For many, taking an old CD and ripping it onto iTunes is a standard thing to do. Just a normal activity that you’ll more than likely do after your morning coffee and before your late night Netflix binge, right?
Though the actual practise wasn’t legal until late last year (after the government made copying for personal use legal) the courts have now overturned the new law and made it illegal, once again.
Where does that leave us, you ask? Essentially it means that iTunes’ CD ripping feature is now illegal and simply popping a disc into a drive, to rip music for your iPod or iPhone, can be punishable by law.
In fact, due to iTunes promoting the feature in the first place, some music groups have claimed that they’re promoting illegal activity. Therefore the company could potentially face damage claims.
A spokesperson for the UK Intellectual Property Office told Torrent Freak:
“It is now unlawful to make private copies of copyright works you own, without permission from the copyright holder – this includes format shifting from one medium to another.” While they specifically mention CD-to-MP3 conversion, this means any type of conversion is illegal. Finally getting around to transferring your old VHS tapes to DVD? Can’t do it. Bought one of those fancy vinyl-to-MP3 turntables? Unusable. It includes creating back-ups without permission from the copyright holder as this necessarily involves an act of copying.” In other words, if you legally purchase digital media online, you are now not legally allowed to back up that information on an external hard drive of any sort. In the long run, that means if your computer were to crash or get stolen, your only allowable course of action would be to re-purchase all your music and movies.”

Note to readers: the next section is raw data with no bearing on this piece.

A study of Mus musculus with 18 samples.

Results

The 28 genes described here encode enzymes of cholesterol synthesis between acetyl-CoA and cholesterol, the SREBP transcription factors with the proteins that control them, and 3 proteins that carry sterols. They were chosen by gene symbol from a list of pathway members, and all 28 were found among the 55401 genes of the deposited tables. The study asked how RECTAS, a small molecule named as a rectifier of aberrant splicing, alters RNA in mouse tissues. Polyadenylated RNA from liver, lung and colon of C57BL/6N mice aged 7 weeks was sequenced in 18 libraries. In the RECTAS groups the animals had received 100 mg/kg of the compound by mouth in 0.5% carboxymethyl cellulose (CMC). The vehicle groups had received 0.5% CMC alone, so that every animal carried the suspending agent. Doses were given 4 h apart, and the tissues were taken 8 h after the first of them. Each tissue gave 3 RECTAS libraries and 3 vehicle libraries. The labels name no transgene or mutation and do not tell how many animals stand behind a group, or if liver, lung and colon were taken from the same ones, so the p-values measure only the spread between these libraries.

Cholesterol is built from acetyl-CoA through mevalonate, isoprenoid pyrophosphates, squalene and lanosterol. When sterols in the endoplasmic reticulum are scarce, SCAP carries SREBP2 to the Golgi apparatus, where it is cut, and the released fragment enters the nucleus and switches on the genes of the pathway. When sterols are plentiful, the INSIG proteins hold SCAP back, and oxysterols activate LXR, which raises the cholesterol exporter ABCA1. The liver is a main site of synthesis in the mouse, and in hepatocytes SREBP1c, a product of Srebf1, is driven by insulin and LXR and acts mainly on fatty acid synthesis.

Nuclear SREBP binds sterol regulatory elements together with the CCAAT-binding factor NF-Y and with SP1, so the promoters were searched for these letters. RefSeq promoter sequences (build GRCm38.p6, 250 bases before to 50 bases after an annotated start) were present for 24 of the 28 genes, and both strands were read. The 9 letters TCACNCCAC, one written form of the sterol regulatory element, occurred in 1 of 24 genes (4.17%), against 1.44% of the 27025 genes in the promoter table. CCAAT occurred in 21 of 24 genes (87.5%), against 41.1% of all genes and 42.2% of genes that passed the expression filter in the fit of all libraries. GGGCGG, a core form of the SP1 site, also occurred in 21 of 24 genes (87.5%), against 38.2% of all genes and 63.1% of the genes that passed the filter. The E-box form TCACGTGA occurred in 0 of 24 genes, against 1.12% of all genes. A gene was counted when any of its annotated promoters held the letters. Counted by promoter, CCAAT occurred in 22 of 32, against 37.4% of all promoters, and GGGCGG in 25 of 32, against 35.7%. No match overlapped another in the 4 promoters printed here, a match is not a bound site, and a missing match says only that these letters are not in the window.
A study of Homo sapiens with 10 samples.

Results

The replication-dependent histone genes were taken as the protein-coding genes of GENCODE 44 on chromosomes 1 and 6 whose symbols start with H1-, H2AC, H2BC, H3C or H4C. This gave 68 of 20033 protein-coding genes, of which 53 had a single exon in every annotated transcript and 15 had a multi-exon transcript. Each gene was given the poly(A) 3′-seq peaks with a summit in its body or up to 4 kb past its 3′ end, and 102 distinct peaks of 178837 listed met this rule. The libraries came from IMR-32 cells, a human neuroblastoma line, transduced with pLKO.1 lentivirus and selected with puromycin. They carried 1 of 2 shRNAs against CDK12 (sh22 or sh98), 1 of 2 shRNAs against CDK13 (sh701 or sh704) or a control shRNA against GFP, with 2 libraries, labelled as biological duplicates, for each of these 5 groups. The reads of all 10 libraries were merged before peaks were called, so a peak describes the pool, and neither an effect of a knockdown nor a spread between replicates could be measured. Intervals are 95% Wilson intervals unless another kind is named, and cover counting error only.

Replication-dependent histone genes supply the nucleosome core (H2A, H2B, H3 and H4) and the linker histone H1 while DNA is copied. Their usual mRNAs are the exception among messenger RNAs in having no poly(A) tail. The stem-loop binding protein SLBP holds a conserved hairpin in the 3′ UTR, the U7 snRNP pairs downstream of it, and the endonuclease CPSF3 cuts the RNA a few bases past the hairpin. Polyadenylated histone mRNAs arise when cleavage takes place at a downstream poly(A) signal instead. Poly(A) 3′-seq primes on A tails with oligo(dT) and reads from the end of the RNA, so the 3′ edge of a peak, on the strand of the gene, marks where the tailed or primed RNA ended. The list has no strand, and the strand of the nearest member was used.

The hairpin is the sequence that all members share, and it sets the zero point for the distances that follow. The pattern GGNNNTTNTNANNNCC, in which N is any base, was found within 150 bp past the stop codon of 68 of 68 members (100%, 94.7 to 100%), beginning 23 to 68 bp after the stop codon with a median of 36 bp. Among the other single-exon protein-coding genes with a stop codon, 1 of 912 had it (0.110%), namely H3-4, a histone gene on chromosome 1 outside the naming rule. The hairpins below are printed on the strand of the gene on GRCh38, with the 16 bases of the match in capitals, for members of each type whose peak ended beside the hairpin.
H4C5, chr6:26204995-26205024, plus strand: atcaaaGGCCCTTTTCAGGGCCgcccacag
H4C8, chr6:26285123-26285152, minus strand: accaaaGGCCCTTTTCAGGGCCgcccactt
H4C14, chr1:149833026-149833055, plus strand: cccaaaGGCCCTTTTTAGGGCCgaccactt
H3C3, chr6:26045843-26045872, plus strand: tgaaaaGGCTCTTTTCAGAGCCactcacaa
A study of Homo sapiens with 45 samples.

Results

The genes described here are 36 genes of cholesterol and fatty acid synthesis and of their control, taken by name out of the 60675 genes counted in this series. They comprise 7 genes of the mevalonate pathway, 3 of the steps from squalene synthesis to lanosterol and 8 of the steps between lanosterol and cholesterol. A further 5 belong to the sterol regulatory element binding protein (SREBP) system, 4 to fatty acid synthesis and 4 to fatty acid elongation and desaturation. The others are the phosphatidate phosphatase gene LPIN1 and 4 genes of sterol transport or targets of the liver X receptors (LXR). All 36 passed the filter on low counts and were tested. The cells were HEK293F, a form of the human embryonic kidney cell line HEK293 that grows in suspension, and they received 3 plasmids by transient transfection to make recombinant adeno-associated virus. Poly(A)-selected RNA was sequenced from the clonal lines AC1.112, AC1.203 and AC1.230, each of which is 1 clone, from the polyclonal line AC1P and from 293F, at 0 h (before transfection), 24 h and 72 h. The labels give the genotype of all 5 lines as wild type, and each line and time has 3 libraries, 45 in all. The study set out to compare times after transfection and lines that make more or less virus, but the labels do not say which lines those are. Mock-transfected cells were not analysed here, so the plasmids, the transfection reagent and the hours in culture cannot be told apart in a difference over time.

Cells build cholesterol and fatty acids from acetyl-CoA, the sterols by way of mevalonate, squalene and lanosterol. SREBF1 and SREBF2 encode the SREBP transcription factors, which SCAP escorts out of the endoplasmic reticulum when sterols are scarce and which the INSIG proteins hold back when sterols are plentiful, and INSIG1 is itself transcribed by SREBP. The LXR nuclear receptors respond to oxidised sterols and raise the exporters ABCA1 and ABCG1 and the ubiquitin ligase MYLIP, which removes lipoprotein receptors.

He continued, adding: “As this is a complex area of law, the Government is carefully considering the implications of the ruling and the available options, before deciding any future course of action,” said the spokesperson, adding, The Government is not aware of any cases of copyright holders having prosecuted individuals for format shifting music solely for their own personal use.”
So, despite it being highly unlikely you’ll be taken to court, there’s still a chance you could be. As for whether you’d win or lose, we think the answer to that is quite obvious.